The Formula One team worked with University College London to develop the machine, which is now ready for trial and could keep patients off ventilators.


Could this little machine help save lives? We all hope so.

Mercedes-AMG Petronas F1 team
For the most up-to-date news and information about the coronavirus pandemic, visit the WHO website.

The Mercedes-AMG Formula One team would normally be globetrotting right about now, with a handful of Grands Prix under its belt. Instead, F1 has delayed its season's start amid the coronavirus outbreak. While F1 teams take an unexpected break, Mercedes-AMG F1's powertrain division has keeping itself busy.

Since March 18, along with other UK-based F1 teams, it began looking at ways to improve upon a continuous positive airway pressure machine, better known as a CPAP, specifically for COVID-19 patients. On Monday, the team said it has a final design. Working with University College London, the F1 team said the new breathing aid should help patients stay off ventilators, which are in short supply, and keep them for the most severe cases.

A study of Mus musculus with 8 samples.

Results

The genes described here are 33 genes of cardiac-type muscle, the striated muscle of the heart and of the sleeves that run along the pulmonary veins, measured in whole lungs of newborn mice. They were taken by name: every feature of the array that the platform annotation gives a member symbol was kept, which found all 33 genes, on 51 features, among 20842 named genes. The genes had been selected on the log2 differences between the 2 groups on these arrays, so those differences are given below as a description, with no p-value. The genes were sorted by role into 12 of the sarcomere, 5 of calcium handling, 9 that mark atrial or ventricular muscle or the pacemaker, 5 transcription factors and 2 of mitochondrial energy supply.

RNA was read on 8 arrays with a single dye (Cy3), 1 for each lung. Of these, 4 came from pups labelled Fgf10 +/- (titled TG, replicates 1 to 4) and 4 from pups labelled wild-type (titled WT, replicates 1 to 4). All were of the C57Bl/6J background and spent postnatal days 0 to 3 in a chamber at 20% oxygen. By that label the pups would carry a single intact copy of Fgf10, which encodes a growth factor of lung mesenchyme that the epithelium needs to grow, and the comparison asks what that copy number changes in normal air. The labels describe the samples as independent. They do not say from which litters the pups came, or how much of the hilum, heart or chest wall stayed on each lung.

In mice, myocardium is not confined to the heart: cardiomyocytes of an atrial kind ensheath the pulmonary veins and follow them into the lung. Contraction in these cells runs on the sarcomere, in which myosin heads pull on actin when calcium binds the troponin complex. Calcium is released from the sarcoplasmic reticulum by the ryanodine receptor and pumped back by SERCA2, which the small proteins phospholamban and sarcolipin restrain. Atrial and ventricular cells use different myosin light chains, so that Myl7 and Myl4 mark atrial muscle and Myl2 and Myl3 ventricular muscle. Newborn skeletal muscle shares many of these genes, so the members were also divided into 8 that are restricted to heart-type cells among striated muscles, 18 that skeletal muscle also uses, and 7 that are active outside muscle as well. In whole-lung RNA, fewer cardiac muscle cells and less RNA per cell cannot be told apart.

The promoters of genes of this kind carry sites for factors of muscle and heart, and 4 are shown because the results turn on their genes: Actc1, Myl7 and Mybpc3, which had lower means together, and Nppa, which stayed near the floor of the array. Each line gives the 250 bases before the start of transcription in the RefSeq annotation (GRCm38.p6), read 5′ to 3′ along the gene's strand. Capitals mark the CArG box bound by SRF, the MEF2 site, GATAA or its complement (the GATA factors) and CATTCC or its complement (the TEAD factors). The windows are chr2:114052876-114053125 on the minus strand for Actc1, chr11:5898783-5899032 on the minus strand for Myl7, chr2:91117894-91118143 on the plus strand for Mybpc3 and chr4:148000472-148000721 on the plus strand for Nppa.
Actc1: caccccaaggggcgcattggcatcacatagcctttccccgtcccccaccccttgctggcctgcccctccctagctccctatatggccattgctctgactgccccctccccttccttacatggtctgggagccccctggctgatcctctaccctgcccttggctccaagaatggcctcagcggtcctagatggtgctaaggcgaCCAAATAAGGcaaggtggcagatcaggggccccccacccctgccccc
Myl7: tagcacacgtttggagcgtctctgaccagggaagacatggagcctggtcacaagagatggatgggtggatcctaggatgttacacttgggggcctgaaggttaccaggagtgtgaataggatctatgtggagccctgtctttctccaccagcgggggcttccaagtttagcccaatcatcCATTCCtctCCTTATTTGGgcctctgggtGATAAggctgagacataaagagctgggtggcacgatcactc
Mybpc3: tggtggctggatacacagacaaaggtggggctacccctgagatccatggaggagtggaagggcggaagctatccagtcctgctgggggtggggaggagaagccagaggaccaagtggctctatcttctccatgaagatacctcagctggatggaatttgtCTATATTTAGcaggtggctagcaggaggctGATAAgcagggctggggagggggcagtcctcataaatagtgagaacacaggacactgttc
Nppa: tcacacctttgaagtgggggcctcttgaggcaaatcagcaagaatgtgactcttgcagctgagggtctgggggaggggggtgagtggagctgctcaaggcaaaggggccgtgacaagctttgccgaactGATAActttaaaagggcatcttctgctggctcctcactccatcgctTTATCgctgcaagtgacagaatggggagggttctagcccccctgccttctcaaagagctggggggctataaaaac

The UK's National Health Service and its Medicines and Healthcare Products Regulatory Agency both approved the new device, which underscores this little contraption shows a lot of promise.

A CPAP is quite different from a ventilator, which operates in a closed circuit and requires the insertion of a breathing tube into a patient's windpipe. It can then push air in and out of a patient's lungs, and doctors can fine-tune this assisted breathing. A CPAP provides a consistent flow of air at a constant pressure and operates via a mask, which doesn't create a totally air-tight seal between the patient and the device. This lack of a seal is a problem, as the virus can enter the surrounding air and infect health care workers.

Mercedes-AMG F1 CPAP machine

Each component is ready for mass production.

Mercedes-AMG Petronas F1 team

In fact, in the US, many doctors tell first responders to not use CPAPs to help treat COVID-19 patients for fear of greater infection rates. CPAPs may have also played a part in spreading COVID-19 in a Washington state nursing home.


The university will begin trialing the new CPAP at one of its own hospitals. Mercedes-AMG F1 is ready to put the device into mass production at a moment's notice.